SPAWN hires local artist to design new Interpretive Sign for Roy’s Riffles Restoration Project

SPAWN hires local artist to design new Interpretive Sign for Roy’s Riffles Restoration Project

 

For Immediate Release: June 30, 2022

Contact: Preston Brown, (303) 877-0880, preston@tirn.net

Olema, Calif. (June 30, 2022) – Following the second phase of creek restoration at the former San Geronimo Golf Course, the Salmon Protection And Watershed Network (SPAWN) has completed the Roy’s Riffles Restoration Project. This project marks a major achievement to remove a former dam on San Geronimo Creek that limited fish passage for coho salmon. 

To mark the completion of the project, SPAWN hired Frank Binney of Frank Binney and Associates to design a new interpretive sign at the former dam site to highlight the project and give context to visitors of what restoration work was done to remove the dam and restore the free-flowing creek channel. 

“It’s rewarding to mark the completion of this restoration project with a beautiful artistic display. We’re thrilled with the way the sign turned out and have heard many encouraging words from neighbors who have been drawn to it”, says Preston Brown, Watershed Conservation Director of SPAWN.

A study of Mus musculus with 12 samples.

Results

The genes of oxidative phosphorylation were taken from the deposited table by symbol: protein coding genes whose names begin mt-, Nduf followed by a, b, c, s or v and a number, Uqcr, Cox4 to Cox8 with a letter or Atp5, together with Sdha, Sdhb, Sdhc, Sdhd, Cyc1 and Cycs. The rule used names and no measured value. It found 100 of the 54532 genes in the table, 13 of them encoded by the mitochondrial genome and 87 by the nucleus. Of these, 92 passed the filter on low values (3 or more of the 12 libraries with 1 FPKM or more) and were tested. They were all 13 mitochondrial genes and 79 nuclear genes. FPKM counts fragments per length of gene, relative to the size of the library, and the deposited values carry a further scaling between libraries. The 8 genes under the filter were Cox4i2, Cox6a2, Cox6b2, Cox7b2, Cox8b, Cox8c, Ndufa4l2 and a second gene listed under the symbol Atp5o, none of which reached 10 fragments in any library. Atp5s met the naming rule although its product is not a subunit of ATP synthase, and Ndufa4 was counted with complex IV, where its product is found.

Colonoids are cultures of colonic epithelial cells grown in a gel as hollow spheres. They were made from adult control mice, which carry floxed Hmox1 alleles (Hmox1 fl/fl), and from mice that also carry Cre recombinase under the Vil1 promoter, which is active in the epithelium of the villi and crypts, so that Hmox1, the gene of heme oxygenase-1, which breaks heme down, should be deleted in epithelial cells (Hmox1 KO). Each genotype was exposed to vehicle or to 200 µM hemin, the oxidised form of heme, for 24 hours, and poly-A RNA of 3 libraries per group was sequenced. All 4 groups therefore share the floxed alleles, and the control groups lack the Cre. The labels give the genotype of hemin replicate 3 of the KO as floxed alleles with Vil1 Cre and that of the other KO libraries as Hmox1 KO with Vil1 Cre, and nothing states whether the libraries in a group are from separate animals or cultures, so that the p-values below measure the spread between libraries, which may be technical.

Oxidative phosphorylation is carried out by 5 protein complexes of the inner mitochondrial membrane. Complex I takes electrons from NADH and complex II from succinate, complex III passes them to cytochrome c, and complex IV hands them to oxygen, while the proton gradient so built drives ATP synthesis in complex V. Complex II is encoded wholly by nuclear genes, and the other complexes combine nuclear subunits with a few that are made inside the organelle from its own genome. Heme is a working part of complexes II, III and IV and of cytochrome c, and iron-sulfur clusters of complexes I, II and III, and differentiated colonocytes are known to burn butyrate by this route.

“The process of ecological restoration can be such a compelling story,” says Brown. Often restoration projects look so much different from what was there before that it’s hard to recognize a site after it starts to grow in. That’s why this interpretive sign made by Frank Binney and artist Faith Rumm, is so compelling, because it includes images of the former dam site, converted into the Roy’s Pools, then finally restored to its current state”. 

Frank Binney is a local artist based in the San Geronimo Valley with decades of experience in artistic interpretation and education. The sign was installed with the help of the local San Geronimo Lion’s Club Chapter.

SPAWN received funding for the sign from the California Department of Fish and Wildlife. 

The Salmon Protection and Watershed Network (SPAWN) is a program of the global ocean conservation non-profit Turtle Island Restoration Network that protects endangered, wild coho salmon and the forests and watersheds they need to survive in West Marin County, California. Learn more at www.seaturtles.org/salmon.